Guess WhoReviewed By Rob Gonsalves
Posted 01/03/07 14:39:40
The time may have been right for a farcical remake of 1967's 'Guess Who's Coming to Dinner,' but I'm not sure 'Guess Who' is it.The new movie, starring Bernie Mac as a grouchy black dad who disapproves of his daughter's white boyfriend (Ashton Kutcher), gets hardly any comic mileage out of racial tension -- the well-meaning original film got more laughs out of the discomfiture of liberal whites confronted with the prospect of a black son-in-law. If I were going to make a go-for-broke remake, I'd cast Dave Chappelle and Gwyneth Paltrow as the young lovers, and Tim Robbins and Susan Sarandon as the white liberal parents. Switching the races just pretends that there's no difference in dynamic between a black man marrying into a white family and a white man marrying into a black family.
Sidney Poitier proved (back there in the '60s, when this could still come as a surprise to some viewers) that a black man could be respectable and eloquent. Ashton Kutcher just proves the easy stereotypes about goofy white guys. He and Bernie Mac have an occasionally funny combative rapport, but it's essentially the same friction that Ben Stiller and Robert De Niro had in Meet the Parents. We have no reason to doubt Bernie Mac when he says he has no problem with Kutcher's whiteness -- he just senses that Kutcher is lying about something (and he's right). Mac could be any disapproving father, and Kutcher could be any gawky guy who digs himself deeper the harder he tries to ingratiate himself.
He digs the deepest during the film's dinner scene, in which Mac goads Kutcher into telling various "black jokes," and everyone at the table laughs gamely until Kutcher tells one that crosses the line. None of the jokes are funny, though, not in the way that some racist jokes have a scabrous, anti-PC humor (the same way that, say, dead-baby jokes are funny because of their very wrongness). Here's a comedy premised on racial unease, and it's too timid to uncork actual racial humor. One can only imagine what Richard Pryor in his prime -- or Dave Chappelle, whose sketch "The Niggar Family" is justly famous among his fans -- would've done with the scene. Chappelle could've played Kutcher's prospective brother-in-law, who tops Kutcher's jokes with ever more ribald and appalling black jokes -- "You ain't shit, nigga; I'll tell you some real jokes" -- while Bernie Mac does a slow burn.
Most of the laughs come from Bernie Mac's Percy Jones, a bull pawing the ground, reduced to a meek cat by his no-nonsense wife Marilyn (Judith Scott). His daughter Theresa (Zoë Saldaņa), an artist, fell in love with young Wall Street tiger Simon (Kutcher) because, we're told, opposites attract and she is what he isn't. I didn't see much else going on between them other than giggly, furtive moments of goofing around together. I can believe they'd get along great, but they don't look at each other with anything like the adoration with which Sidney Poitier regarded Katharine Houghton and vice versa, or, for that matter, the exasperated but deep love between Percy and Marilyn. Kutcher is simply too lightweight to communicate love, and Zoë Saldaņa is a rather dull actress; a better fit might have been the funky Kellee Stewart, who plays Theresa's sister Keisha, palpably enjoying the development that whatever she does, it won't be as bad as when Theresa brought home a white boy.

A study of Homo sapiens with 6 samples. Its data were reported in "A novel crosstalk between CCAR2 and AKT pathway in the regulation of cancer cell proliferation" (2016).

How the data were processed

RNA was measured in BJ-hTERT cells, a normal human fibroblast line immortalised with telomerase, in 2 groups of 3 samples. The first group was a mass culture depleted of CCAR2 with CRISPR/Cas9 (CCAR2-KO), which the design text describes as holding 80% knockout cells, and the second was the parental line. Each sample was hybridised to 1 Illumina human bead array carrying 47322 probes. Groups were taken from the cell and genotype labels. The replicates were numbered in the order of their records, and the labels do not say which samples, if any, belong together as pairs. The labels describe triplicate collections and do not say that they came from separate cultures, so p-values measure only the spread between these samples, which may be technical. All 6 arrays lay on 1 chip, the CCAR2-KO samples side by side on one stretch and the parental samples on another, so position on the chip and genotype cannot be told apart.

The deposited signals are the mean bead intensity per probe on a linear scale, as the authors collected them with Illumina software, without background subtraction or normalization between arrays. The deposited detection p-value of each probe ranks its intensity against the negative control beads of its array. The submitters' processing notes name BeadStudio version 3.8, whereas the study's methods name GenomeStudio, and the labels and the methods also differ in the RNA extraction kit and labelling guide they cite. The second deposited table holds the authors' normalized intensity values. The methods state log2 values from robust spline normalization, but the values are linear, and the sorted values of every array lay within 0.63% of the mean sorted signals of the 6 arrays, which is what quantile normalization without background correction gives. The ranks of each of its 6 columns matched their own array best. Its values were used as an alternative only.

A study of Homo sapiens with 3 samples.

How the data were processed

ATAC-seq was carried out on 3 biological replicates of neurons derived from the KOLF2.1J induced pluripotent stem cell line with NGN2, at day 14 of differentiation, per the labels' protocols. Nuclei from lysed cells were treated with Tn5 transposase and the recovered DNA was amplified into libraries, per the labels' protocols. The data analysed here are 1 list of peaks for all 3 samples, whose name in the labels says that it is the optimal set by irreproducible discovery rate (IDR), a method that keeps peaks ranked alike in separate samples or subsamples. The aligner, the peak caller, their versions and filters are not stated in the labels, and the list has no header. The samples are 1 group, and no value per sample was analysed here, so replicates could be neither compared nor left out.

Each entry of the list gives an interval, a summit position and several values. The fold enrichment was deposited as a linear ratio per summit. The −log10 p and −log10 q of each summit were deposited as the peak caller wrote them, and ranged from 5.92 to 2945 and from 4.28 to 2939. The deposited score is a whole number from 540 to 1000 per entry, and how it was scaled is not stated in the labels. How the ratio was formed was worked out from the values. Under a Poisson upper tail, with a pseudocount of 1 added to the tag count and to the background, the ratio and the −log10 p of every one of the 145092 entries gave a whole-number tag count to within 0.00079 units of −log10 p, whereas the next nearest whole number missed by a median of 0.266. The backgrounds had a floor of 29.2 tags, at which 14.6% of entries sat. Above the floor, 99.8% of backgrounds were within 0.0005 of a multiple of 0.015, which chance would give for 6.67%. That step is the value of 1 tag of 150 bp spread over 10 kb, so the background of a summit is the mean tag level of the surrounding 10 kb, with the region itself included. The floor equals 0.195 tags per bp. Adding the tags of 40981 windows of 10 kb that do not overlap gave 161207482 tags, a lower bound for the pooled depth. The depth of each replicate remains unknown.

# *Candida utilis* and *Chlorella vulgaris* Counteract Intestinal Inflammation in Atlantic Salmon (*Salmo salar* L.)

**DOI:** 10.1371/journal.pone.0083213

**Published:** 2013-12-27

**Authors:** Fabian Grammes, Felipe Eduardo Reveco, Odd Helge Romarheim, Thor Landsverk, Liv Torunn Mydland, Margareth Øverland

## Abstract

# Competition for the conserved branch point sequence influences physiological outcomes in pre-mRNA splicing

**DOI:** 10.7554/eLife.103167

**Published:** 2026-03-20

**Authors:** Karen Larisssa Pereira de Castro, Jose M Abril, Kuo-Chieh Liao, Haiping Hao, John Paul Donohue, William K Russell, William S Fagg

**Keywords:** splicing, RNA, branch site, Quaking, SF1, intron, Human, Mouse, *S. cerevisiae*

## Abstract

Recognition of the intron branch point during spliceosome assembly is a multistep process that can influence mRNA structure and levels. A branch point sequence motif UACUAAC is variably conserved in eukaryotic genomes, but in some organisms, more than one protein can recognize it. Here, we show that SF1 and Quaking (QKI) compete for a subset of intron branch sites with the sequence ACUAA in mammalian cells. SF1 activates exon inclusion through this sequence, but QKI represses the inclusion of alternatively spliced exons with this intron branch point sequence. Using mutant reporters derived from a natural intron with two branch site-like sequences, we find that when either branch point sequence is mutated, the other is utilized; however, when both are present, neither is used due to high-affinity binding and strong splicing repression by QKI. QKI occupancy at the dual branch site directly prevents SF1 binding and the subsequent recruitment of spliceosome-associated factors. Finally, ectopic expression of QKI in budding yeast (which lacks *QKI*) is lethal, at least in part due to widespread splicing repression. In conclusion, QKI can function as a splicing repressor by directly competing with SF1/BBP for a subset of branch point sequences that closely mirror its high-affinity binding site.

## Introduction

Does it matter? "Oh, it's gonna matter," pronounces the couple's black cabbie -- but it really doesn't, not in this movie, where Percy Jones has no prejudice to get over. His suspicion of Simon might make better sense if we'd been told that Percy had gotten shafted by white guys in business, or been kept from promotion, or suffered some sort of racist treatment; but we hear about nothing of the sort. Percy does have a different kind of prejudice, unquestioned by the movie itself; the mincing coordinator of Percy and Marilyn's anniversary party (Robert Curtis Brown) is, it turns out, a metrosexual and married man, but Percy continues to doubt the man's sexuality, blustering about taking his pants off in front of him. A lot of straight men may not have a problem with gays in the abstract, but will still react viscerally when confronted with actual gayness, or suspected gayness.Which raises a premise for a much more relevant-to-these-times version of 'Guess Who's Coming to Dinner': What if Theresa brought home a white girl?